One of America’s foremost climate scientists says that if the proposed Keystone XL oil pipeline is built to tap the tar sands of Alberta, Canada, the impact on the Earth’s climate will be devastating.
“Essentially, it’s game over for the planet,” said James Hansen, the head of NASA’s Goddard Institute for Space Studies. He is quoted by reporter Jane Mayer in the Nov. 28th issue of The New Yorker magazine as making the statement to environmental activist Bill McKibben.
Building the pipeline would hasten the extraction of exceptionally dirty crude oil, using huge amounts of water and heat, from the tar sands, which would then be piped across the United States, refined, and burned as fuel, releasing a vast new volume of greenhouse gas into the atmosphere, reporter Mayer writes.
“The tar sands’ oil deposits may be a treasure trove second in value only to Saudi Arabia’s, and the pipeline, as McKibben saw it, (and) posed a powerful test of America’s resolve to develop cleaner sources of energy, as Barack Obama had promised to do in the 2008 campaign,” Mayer said. McKibben is a scholar-in-residence at Middlebury College, Vt.
As the pipeline crosses an international border, the lead role in evaluating the project is being made by Secretary of State Hillary Clinton, who has indicated she is “inclined” to approve it, Mayer reported. The project is the scheme of Canadian developer TransCanada, the and is being boosted by Laborers’ International Union of North America, hungry for the jobs the pipeline would create.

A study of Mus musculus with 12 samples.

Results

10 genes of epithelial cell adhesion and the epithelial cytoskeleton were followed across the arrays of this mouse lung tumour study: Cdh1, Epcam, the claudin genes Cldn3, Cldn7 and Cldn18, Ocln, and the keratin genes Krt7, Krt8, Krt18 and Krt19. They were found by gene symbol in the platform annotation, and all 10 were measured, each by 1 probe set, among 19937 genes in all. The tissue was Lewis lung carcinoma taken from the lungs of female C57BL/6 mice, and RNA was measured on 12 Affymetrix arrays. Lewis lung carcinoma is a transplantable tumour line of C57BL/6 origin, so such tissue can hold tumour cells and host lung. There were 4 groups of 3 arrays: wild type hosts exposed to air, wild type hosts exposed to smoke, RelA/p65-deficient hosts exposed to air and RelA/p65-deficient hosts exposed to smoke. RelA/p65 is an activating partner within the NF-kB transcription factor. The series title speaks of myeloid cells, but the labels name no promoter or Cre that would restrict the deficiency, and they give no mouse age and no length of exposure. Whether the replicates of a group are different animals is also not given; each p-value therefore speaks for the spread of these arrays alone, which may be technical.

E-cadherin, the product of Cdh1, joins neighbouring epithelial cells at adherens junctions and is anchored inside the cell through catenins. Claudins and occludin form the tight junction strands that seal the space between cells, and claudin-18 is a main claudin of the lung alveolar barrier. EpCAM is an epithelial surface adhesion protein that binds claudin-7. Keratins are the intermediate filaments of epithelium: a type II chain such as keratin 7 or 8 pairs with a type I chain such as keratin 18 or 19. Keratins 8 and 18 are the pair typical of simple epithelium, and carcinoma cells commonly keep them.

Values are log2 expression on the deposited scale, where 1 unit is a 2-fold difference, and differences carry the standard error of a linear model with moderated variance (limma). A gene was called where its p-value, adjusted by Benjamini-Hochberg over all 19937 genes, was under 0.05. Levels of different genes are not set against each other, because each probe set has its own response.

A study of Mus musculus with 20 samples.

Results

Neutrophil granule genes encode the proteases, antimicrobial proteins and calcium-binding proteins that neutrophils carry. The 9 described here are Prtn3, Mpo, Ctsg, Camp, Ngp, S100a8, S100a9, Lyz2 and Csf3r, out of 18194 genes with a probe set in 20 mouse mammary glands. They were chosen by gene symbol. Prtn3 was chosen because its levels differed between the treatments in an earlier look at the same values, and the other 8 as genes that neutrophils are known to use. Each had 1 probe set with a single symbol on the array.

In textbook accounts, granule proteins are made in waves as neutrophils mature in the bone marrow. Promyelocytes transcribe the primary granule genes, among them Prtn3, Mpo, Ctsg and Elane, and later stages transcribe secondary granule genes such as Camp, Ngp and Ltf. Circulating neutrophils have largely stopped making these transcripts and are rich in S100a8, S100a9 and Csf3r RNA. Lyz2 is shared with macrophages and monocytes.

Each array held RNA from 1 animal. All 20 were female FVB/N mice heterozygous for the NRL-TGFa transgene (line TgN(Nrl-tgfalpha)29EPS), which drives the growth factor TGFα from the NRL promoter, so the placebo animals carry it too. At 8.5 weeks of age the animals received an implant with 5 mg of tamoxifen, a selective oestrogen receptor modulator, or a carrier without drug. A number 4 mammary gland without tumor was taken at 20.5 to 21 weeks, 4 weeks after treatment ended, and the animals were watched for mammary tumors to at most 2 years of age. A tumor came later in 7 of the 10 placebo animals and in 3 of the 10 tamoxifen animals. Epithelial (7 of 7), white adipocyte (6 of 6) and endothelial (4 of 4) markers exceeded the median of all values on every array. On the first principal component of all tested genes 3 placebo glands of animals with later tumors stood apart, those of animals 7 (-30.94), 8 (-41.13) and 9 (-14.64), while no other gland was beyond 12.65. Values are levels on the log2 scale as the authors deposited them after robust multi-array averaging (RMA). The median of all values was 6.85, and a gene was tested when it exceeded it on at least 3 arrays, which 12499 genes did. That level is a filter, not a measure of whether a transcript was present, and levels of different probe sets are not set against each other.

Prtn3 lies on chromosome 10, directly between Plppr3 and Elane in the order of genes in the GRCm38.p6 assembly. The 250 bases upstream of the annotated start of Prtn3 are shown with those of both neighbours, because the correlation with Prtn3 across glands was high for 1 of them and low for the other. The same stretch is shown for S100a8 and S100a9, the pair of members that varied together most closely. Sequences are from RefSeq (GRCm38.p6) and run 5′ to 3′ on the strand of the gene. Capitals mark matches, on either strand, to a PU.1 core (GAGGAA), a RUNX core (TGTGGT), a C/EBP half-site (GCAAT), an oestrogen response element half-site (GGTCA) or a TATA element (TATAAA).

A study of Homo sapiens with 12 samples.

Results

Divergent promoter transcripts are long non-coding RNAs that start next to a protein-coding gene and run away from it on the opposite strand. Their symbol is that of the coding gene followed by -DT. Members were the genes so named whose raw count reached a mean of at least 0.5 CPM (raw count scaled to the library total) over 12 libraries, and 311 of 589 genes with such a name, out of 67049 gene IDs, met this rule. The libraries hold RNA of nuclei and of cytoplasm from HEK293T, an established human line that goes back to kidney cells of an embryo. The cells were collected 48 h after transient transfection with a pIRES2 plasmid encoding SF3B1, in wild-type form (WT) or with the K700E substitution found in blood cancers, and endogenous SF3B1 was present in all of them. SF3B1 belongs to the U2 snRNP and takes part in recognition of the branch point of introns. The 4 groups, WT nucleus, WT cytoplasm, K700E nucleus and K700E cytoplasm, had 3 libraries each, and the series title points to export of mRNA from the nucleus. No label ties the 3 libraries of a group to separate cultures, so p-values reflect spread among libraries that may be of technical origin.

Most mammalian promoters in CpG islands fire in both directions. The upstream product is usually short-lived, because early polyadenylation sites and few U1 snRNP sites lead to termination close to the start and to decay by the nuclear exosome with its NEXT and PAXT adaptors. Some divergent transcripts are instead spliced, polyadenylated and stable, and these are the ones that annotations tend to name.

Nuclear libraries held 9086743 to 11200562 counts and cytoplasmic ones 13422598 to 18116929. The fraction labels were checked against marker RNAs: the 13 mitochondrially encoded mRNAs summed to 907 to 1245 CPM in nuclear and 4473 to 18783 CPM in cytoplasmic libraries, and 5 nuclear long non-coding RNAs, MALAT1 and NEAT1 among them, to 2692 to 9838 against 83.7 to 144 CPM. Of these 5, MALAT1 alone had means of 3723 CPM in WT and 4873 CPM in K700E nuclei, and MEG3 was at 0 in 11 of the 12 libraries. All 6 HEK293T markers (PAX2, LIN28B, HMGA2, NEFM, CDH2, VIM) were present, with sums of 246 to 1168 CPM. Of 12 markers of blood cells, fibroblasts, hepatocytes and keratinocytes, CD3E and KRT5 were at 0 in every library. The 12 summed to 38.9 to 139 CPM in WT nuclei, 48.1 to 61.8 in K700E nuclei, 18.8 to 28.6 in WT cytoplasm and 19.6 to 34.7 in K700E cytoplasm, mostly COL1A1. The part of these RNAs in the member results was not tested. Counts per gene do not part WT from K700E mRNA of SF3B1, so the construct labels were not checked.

Paul Elliott, TransCanada’s in-house lobbyist, “The New Yorker” reported, formerly worked on the presidential campaigns of both Bill and Hillary Clinton. What’s more, Gordon Giffin, a prominent contributor to Ms. Clinton’s Senate and presidential campaigns, was on TransCanada’s payroll. (Giffin denied he ever spoke to Ms. Clinton about the pipeline.) Energy insiders, the magazine says, reportedly are near unanimous in their view that the project will be approved.
Opposing the XL pipeline are an array of environmental groups that include the Sierra Club, Friends of the Earth, and National Resources Defense Council. Republican Nebraska Governor Dave Heineman and both that state’s senators oppose it, fearing their water supply would be imperiled by XL construction. And opposition is strong: last Nov. 6th, 12,000 protesters encircled the White House to voice their opposition.
President Obama’s response, reporter Mayer said, was to issue a statement that the decision on the pipeline permit would be delayed at least until 2013, pending further environmental review.
Meanwhile, environmentalist McKibben is quoted saying anti-pipeline protesters will not engage in any physical protests. “We’re going to do the much more dangerous thing of saying we need to hear from the Obama who said those beautiful things in the campaign. (That the U.S. needed to develop cleaner sources of energy.) We expect him to do what he promised.”